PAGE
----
In the first settlement of its kind under the Health Information Technology for Economic and Clinical Health Act (HITECH), BlueCross BlueShield of Tennessee recently agreed to pay the U.S. Department of Health and Human Services $1.5 million as a result of a 2009 data breach.
The case stemmed from the theft of 57 unencrypted computer hard drives from a former BlueCross call center in Chattanooga. The drives contained the protected health information (PHI) of more than 1 million BlueCross customers, including names, Social Security numbers, diagnosis codes, dates of birth, and health plan ID numbers.
Under the HITECH provisions of the Health Insurance Portability and Accountability Act (HIPAA), covered entities must promptly report data breaches affecting 500 individuals or more to HHS and the media, as well as to the affected individuals. The insurer reported the theft to HHS as required in the fall of 2009 and has spent nearly $17 million in investigation, notification, and protection efforts since then. HHS began its investigation soon after receiving notification of the breach.
As part of the settlement regarding the underlying breach, the company agreed to a 450-day corrective action plan to remedy its HIPAA compliance program. Under the plan, BlueCross must review, revise, and maintain its privacy and security policies and procedures, regularly conduct HIPAA/HITECH training for its employees, and monitor and report on its own adherence to the corrective action plan.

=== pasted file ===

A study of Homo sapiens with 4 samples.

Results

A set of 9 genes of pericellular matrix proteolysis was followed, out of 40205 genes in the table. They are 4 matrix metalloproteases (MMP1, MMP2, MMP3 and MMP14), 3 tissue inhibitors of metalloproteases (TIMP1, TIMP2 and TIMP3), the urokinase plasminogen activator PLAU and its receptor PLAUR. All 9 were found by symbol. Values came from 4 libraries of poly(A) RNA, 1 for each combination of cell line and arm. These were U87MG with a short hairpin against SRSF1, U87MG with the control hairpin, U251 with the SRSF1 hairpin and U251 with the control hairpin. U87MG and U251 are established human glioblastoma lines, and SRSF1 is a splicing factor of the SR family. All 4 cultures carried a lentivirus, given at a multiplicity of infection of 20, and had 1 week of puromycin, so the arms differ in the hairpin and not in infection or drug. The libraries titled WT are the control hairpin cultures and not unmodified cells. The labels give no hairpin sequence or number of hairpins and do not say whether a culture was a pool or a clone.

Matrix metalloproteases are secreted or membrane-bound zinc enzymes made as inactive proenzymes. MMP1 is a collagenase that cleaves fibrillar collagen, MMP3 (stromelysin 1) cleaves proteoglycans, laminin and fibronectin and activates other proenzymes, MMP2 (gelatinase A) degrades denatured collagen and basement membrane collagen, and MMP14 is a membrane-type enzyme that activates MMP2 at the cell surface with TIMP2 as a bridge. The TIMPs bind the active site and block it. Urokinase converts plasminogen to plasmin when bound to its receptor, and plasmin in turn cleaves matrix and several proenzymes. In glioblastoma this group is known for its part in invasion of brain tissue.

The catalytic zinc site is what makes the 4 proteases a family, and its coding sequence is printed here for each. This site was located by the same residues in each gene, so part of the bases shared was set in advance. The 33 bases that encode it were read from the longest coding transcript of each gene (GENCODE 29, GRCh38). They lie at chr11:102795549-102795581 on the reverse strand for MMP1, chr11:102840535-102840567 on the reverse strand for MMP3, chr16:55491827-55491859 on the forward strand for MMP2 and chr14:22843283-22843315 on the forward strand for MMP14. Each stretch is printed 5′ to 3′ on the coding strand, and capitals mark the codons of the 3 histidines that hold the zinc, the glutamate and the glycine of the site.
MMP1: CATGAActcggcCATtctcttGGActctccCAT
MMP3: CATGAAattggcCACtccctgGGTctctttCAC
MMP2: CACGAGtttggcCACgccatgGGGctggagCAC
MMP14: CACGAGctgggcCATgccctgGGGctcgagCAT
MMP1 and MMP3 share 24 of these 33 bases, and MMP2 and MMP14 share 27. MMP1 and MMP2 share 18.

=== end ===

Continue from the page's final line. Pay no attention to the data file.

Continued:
Though the settlement is the first relating to HITECH’s breach reporting requirements, there likely are more enforcement actions in the pipeline. Since launching its breach notification website in February 2010 as required by HITECH, HHS has received, on average, 17 breach reports each month. Six of those reports involved breaches involving PHI of more than one million patients. HHS has initiated audits on many (if not all) of the significant reported breaches to date and we anticipate further enforcement action settlements to follow.
While HIPAA provides legal requirements for how entities must handle some data breaches, there are numerous other state and federal laws that also may be applicable. More important, implementation of appropriate security measures can greatly reduce the risk of security breaches and can enhance the negotiating position in responding to governmental authorities if a breach occurs. Ballard Spahr attorneys in the Privacy and Data Security Group and the Health Care Reform Initiative are prepared to advise clients on appropriate security measures and compliance with the applicable privacy breach notification procedures.
For more information, please contact Privacy and Data Security Practice Leader Beth Moskow-Schnoll at 302.252.4447 or email@example.com; Health Care Reform Initiative Leader Jean C. Hemphill at 215.864.8539 or firstname.lastname@example.org; Edward I. Leeds at 215.864.8419 or email@example.com; or the Ballard Spahr attorney with whom you work.